Most of the time the democratic process has a certain amount of elasticity created by relatively large margins of victory which allows small mistakes and irregularities to be overlooked as not really making a difference in the outcome of an election. But when a vote is extremely close, problems which might normally be tolerated can become critical factors in disenfranchising voters. In a democracy there is no greater civil crime than rendering an individual’s vote meaningless.
This effect has been demonstrated graphically in the developments in the race for Texas State House of Representatives District 48. In the initial vote incumbent Democrat Donna Howard won by a margin of only 16 votes against Republican challenger Dan Neil in a race with over 50,000 votes cast. That small margin of victory led to a recount and it has placed in sharp focus all of the shortcomings of the voting system in Travis County.
With a 16 vote margin every vote has to be counted correctly and every consideration has to be given to protecting the right of voters to have their say in the election. One way of assuring that is a recount, and that’s what Dan Neil’s campaign initiated this week. That recount has become like turning over a big rock to see all the unpleasant things that live in the darkness beneath it, and what it has revealed about voting in Travis County is not pretty.
The problems start with the attitude in the County Clerk’s office, where the same Democratic incumbent has held office for 20 years with little challenge to her authority. She and her staff have become jaded and allowed partisanship to rule their actions. The total lack of accountability or oversight has made them arrogant and complacent and encouraged them to run elections in a way which leaves many openings for abuse and mismanagement.
The regular election voting system in Travis County is deeply flawed. The eSlate voting machines do not track votes or link them to voters in any way and there is no way to verify anything about those votes beyond just carrying out another automated count. Almost any kind of voting fraud is impossible to identify or investigate once it has gotten beyond the precinct level. Everything is reduced to numbers which can never be sourced or researched once they have been processed into the system. Voters have no guarantee that their votes have even been counted beyond their initial encounter with the voting machine. The system offers no transparency and no verification or protections for the rights of the voter.
This system inherently limits the effectivenes of any recount as most of the votes can never be reexamined in any meaningful way. They’re just numbers on a card with no connection to anything in the real world – easy to manipulate and impossible to track. All you can really do is check those few votes which are made in paper form, mostly absentee ballots filed by people living overseas and the elderly or disabled, of course including a great many military ballots.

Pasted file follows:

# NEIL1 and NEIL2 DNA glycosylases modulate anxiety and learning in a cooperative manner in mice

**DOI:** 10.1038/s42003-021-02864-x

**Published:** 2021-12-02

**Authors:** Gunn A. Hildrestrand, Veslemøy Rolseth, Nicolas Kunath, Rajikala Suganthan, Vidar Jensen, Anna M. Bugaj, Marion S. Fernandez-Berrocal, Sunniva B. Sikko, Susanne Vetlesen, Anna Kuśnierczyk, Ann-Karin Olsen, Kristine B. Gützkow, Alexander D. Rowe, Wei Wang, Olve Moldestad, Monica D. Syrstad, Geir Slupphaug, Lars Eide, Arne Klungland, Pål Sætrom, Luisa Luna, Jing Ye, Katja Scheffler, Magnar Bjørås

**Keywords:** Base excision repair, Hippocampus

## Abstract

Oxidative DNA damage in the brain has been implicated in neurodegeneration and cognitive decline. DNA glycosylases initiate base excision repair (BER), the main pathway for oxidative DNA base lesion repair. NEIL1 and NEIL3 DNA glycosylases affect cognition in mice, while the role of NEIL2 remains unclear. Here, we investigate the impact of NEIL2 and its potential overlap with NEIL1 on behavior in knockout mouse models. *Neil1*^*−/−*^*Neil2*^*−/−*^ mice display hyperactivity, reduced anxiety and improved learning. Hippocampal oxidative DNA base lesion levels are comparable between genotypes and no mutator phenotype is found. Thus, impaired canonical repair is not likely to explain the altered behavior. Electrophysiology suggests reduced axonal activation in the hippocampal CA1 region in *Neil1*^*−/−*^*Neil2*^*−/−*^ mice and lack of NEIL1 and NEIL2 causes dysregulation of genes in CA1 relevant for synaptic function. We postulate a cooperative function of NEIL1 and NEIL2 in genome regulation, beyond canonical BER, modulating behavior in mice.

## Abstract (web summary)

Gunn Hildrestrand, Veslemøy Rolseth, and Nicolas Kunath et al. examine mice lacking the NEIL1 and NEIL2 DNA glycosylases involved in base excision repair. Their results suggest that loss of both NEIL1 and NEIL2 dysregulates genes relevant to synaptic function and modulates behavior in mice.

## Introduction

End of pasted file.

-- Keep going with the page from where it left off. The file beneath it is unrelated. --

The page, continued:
In advance of the recount in House District 48 a determination had been made to take many of the absentee ballots and rule them ineligible to vote in the election based on various criteria. Recount judges were then provided with a “remade” ballot which did not reflect the original intent of the voter, but instead had been created to replace the original absentee ballots and include only the races in which it had been determined that the voter was eligible.
The operating rule in eliminating these ballots was that anyone who had filled out a rather ambiguous federal form and not indicated a specific duration for their travel was considered a non-resident and eligible to vote only in federal level races. So even if you owned property or had a permanent address in the district you were kept from voting in any state or local races if you indicated that you were unsure of how long you would be outside the area – for example if you were in the military with no idea how long your deployment would last.
The problem with this system is that it ignored the intent of the voter arbitrarily and made assumptions about their residency status which may not have been accurate. Clearly the voters had addresses in the district because their ballots were sorted by precinct. Many of those absentee ballots had clearly marked votes in state and local races, showing the voter’s clear intent to remain part of that political community and not to expatriate themselves. In ruling the way they did the election officials in Travis County essentially took away their rights as citizens and certainly disenfranchised them in terms of this election. What’s more, none of the materials on which the decisions to exclude voters were based were made available to judges or poll watchers.
When the recount ended the results showed Neil still losing by 12 votes, largely the result of clerical errors in the original count. But what also became very clear is that hundreds of ballots were disqualified on the basis of a very questionable interpretation of the law and in clear negation of the intent and rights of the voters, including many members of the military deployed overseas. Whether this changed the outcome of the election is debatable, but it was certainly unfair to the voters.
The non-partisan election reform group Austin Vote Action summmed up many of the problems in this election well, pointing out that “Travis County elections are run with a disregard for the rights and best interests of voters and the community…As the Clerk’s Office currently runs elections there is too little transparency and too many opportunities for abuse. Austin voters deserve better.”